Amores perros (2000): Self Redemption

God, the turn of the millennium was such an awesome time for mainstream movies. One of the guys who has since become the Hollywood auteur is Alejandro G. Inarritu. Two Academy Awards for best director in consecutive years? Quite the feat.


But to me, Inarritu has been insanely hit and miss. Not to say that he makes unwatchable movies, just that they tend to vary to such a wide degree that there’s no guarantees in which mold they’ll fit. The first I saw was 21 Grams (2002), which I recall as being pretentious and melodramatic. Not to mention that it starred Sean Penn, who seems to embody all the worldliness that I dislike in actors/artists – the El Chapo interview representing the crowning glory of his self-inflated irrelevance.

Alright, that’s harsh. I just don’t like the guy, let’s just move along. After 21 Grams I must have seen Babel, because it made me give up on the Mexican director. More of the same with the same high profile actors in their desperate search for their artistic integrity. So imagine my surprise when I finally watched the movie that brought Inarritu into the spotlight, Amores perros. And then the exceptional Birdman (2014), before descending into pretentiousness once more with The Revenant (2015) – another combo with an actor I don’t particularly care for. Biutiful (2010) I have yet to watch.

Bottom line is, there’s no real box for the guy. His bad good movies are so frustrating because you have a sense of the kind of depth and vision he can conjure up at his best. And Amores perros is the perfect example. This review, which I wrote in 2007, retreads some of the things I’ve discussed, not really focusing on why I loved the movie – but at least it’s so prescient (said the non-pretentious one). Enjoy!

I was talking with someone a while ago, saying how Babel is a bland film which offers far too little for its length beyond schematic critique to a rather obvious conception of contemporary flaws. How 21 Grams overwhelmed me as too depressive for its own sake and had its own air of artificiality. I mean, that’s an obvious problem you might get when trying to string together stories and embody them in an integral whole. The someone I mentioned above was quite dismissive of my thoughts, claiming the genius of Inarritu was indubitable in both films, and asked me the most obvious question of all: “Why do yo go to see Inarritu films if you dislike them so?”. My answer was inevitably superficial, for I said “Because I like to believe”.

It’s funny in a way, this feeling of going back int time; he remains absolutely the same, his work is just as loaded with bold, significant statements, but only in Amores perros have I encountered the authenticity I crave. Maybe it’s got something to do with faces, with the fact that his last two movies employ famous faces to which I cannot relate the gritty realism which Inarritu tries to convey. Not that I’m saying Brad Pitt, Cate Blanchett, Sean Penn or Benicio Del Toro are bad actors; it’s just that their well known.

Amores perros is a gritty, realistic and authentic film which dissects the sour, bi-polar reality of contemporary society. Segmented as all of Inarritu’s films in several stories, it introduces each of them in similar style with the oh-so-beautifully-romanticized Hable Con Ella (2002), with a black screen bolstering two character names in large typeface. The three stories are vaguely interrelated, tangentially. They portray the fate of an impoverished, lower class working family in Mexico, a love story between a model and a magazine editor and the in-between tale starring a homeless assassin, ex-teacher, ex-rebel, ex-convict. Inarritu’s social conviction of inequity and unfair distribution are quite obvious, but his view does not infer the well-being of the upper class. The dogs, central motive of the film in some regards, are used as a means to gain wealth in the ghettos of Mexico, while in the central districts they obsessively plague a distinctly alienated and paranoid layer of society.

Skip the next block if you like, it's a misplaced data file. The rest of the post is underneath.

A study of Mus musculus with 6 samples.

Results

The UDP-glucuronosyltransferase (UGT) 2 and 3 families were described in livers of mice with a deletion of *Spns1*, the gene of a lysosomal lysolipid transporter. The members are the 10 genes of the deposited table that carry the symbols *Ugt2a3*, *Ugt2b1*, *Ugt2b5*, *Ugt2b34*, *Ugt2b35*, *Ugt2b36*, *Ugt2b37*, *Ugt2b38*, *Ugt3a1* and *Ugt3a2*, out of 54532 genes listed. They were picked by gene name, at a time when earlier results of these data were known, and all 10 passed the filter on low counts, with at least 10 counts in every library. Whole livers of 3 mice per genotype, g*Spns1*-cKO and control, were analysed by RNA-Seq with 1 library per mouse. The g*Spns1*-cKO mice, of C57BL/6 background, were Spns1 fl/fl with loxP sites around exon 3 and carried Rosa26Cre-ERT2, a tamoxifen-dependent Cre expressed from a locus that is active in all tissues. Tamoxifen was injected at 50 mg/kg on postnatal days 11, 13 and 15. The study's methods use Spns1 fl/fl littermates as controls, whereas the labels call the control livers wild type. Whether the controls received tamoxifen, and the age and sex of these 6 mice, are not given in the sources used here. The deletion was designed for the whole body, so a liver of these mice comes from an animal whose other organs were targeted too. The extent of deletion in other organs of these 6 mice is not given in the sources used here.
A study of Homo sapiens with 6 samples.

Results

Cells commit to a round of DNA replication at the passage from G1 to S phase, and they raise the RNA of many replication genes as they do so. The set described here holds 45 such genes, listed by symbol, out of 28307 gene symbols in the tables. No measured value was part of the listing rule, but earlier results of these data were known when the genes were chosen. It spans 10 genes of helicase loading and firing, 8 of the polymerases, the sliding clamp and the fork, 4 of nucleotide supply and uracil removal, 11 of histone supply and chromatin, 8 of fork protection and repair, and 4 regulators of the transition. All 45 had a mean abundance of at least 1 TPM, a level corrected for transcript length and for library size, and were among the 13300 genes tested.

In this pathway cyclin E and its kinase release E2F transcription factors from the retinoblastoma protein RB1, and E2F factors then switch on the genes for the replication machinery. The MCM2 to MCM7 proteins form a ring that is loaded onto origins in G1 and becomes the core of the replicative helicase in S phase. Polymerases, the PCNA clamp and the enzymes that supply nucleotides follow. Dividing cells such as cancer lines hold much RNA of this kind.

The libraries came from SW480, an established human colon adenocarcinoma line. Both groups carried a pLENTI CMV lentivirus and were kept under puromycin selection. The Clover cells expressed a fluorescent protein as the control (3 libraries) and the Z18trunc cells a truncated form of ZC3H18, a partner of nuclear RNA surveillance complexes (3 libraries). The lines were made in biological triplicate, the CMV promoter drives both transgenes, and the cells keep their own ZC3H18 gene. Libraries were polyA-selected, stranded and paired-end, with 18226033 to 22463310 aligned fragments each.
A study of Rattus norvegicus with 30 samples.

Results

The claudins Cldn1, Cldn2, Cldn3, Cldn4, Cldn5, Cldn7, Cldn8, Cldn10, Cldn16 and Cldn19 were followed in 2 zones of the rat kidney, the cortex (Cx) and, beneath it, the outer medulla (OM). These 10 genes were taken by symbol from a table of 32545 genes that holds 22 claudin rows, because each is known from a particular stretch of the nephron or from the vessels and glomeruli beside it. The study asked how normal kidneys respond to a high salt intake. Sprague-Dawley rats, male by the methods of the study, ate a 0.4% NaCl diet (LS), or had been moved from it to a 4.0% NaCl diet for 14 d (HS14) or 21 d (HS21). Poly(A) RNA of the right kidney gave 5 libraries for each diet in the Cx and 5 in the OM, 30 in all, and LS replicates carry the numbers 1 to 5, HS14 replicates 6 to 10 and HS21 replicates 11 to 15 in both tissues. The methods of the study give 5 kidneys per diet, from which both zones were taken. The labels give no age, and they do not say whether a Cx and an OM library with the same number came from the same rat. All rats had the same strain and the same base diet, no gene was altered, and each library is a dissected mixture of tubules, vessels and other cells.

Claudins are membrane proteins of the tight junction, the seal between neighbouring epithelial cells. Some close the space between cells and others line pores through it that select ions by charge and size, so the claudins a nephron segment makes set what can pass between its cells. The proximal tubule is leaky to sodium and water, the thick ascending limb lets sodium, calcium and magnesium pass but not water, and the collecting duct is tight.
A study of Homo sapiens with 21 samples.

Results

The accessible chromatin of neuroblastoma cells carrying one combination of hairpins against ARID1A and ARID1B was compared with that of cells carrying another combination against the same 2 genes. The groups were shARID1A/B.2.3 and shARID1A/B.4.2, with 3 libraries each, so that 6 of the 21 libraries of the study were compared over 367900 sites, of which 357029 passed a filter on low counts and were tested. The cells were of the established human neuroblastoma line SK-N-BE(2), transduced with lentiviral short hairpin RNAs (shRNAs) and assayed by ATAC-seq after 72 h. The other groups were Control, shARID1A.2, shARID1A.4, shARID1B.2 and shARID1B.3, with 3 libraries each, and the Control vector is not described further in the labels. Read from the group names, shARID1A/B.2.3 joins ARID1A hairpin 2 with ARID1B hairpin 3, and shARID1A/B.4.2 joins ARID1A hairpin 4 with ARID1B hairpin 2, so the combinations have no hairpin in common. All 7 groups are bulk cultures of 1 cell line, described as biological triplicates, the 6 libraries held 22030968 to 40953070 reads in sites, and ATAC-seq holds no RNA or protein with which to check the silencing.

Inarritu’s films are so pedantic in matters of style and structure, that they offer great ability of insight. I do not necessarily enjoy this, as it goes into an awkward level of schematic realism which I despise. While it is bearable in Amores perros, it is not in his second and third ventures. The Mexican director also has a rather morbid proclivity towards worst case scenarios, taking the already dim reality portrayed and bending it to extreme levels. Again, while I managed to live with it in Amores perros, I could not in Babel and 21 Grams. Straining reality too much does not make reality more real – on the contrary.

There exist therefore several reasons why I shy away from Innaritu’s approach to film-making. I like to avoid the overwhelming and insurmountable abstractions of class. Perhaps that’s white privilege talking,  but I’m not trying to deny the existence of social structures and challenges, just pointing out that their artistic representation treads a fine line between bleak and unbearably bleak – for its own sake and shock value, more so than any insightful commentary. Amores perros gets the balance right and I recommend it wholeheartedly to all cynics – for I was one myself.


Originally published on imdb.

P.S. I must have abused Inarritu’s name a dozen times in the original review, spelling it with two n’s and one r. At least I was consistent though.